Guest Post Written By: Jennifer McCormick, Ph.D.
The discussions about what to do with incidental findings discovered during genetic and genomic research have recently taken on the question, “What do we do with clinically relevant incidental findings, when the research participant is deceased?”
From a Bioethical standpoint, we need to examine what researchers should do, if anything, about these findings. Should they approach family members of the deceased research participant with this information? Is it legal? Is it ethical?
As more and more genomic research is done using samples from biobanks, it is likely that researchers will be identifying potentially important genetic information about individuals who have deceased. Typically, if a researcher, a priori, decides to return genetic research findings to research participants, they are informed that in the future they could be contacted by the researcher and asked about their interest in learning about the research finding.
The questions of how, when, and by whom to return genetic research findings that has been under discussion for a while, in this context, are now a little more complicated and are yet needing answers.
The participant can then make the decision to share this with family members. If the genetic research finding is discovered after the participant has died, should the researcher just move on or reach out to the family of the deceased? If the researcher should contact the family – who in the family? What if the family member the researcher contacts had poor relationship with the deceased research participant? Would the research participant have wanted that information to be shared?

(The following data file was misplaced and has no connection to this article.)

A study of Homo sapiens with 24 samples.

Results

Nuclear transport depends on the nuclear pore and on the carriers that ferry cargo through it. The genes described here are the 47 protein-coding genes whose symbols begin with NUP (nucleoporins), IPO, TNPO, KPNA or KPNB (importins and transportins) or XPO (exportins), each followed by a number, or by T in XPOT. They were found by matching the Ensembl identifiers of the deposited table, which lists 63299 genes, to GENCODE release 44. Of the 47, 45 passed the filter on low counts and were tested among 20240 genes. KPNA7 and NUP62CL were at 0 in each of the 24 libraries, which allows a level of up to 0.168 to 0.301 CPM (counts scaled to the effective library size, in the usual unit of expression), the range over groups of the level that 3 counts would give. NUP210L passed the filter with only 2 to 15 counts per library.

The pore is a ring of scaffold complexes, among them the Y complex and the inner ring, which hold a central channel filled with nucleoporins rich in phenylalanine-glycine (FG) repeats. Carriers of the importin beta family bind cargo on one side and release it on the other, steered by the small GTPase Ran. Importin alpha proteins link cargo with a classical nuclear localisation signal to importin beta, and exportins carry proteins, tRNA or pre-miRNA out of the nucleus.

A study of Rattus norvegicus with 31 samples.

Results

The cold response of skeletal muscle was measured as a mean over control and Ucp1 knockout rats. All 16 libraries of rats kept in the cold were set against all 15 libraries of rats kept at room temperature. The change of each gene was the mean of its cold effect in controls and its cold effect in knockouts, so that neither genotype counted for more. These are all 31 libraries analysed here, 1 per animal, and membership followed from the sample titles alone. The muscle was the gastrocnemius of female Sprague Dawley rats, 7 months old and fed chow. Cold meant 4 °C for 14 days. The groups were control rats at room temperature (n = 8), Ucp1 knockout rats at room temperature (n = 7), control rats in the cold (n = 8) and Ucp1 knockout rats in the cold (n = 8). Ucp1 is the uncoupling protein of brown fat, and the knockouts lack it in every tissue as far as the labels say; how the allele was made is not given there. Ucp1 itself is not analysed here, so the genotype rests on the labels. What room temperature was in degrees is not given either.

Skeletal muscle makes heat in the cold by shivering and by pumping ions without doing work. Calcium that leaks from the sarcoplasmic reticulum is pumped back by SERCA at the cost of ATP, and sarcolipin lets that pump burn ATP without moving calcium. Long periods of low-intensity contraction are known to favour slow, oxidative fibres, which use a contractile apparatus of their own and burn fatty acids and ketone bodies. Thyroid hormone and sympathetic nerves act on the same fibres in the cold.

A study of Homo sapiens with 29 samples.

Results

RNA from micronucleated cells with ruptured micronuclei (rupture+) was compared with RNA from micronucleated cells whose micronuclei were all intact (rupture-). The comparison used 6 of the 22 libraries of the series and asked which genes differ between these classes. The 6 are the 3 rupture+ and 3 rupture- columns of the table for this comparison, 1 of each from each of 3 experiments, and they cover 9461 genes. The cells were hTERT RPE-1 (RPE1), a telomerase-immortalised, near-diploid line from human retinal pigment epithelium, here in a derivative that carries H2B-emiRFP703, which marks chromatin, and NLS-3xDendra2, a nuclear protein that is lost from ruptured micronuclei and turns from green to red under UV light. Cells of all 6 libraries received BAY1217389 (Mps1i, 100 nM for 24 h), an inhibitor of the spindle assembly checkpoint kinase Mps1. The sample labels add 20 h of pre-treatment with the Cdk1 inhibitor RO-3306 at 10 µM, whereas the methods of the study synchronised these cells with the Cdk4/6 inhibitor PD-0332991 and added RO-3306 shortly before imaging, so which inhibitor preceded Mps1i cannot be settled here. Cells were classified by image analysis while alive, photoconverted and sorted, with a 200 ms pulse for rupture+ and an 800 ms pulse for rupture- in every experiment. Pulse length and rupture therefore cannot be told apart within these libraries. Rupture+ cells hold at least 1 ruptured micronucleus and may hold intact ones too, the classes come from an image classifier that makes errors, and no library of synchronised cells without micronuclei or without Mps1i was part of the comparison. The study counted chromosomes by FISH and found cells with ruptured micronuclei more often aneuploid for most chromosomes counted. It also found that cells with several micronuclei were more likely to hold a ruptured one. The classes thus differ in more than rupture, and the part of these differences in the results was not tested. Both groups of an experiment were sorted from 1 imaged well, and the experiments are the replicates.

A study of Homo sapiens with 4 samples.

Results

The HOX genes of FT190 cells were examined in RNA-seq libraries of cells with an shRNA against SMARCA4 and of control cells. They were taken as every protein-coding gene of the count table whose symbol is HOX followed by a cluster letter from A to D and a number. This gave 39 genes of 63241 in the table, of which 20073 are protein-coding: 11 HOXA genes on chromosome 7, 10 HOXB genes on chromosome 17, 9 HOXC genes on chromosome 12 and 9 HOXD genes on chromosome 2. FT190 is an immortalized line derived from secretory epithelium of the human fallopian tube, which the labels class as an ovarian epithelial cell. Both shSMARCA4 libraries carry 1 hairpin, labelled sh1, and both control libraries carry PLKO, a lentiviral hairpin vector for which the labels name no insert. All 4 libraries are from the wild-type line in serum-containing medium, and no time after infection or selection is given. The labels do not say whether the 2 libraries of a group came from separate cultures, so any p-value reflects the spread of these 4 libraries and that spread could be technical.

One way to negotiate these questions is to ask the research participants if they would want any genetic research findings with potential clinical relevance to be shared with family members. There are still some legal issues to work through, as medical information is only accessibly, usually by state law, by the executor post mortem. Does this hold true for research findings?
The law is unclear on this question at this time. One important element of this, in my opinion, is that the physicians often have a deeper, longer relationship with the deceased individual, while a researcher may have interacted with the individual once or twice. A simple solution to negotiate these questions is to ask the participants up front to identify whom they would want the researcher to contact with potentially clinically relevant information, should the participant no longer be alive.
The dilemma with this approach is that the identified family may no longer be alive as well, or may be estranged from the now deceased participant. The Health Information Portability and Accountability Act (HIPAA) also complicates things. HIPAA provides rules for how personal health information is shared and with whom it can be shared. Because the information to be returned has potential clinical or health relevance, it is a little murky as to whether HIPAA applies or not.
So the questions of how, when, and by whom to return genetic research findings that has been under discussion for a while, in this context, are now a little more complicated and are yet needing answers.
Gloria Petersen (Mayo Clinic), Susan Wolf (University of Minnesota), and Barbara Koenig (UCSF) are a few of the increasing number of researchers who are examining these questions. They are focusing on participants in the pancreatic cancer registry and biobank that is part of the Mayo Clinic Pancreatic Cancer SPORE and their family members’ views about these questions through surveys and interviews.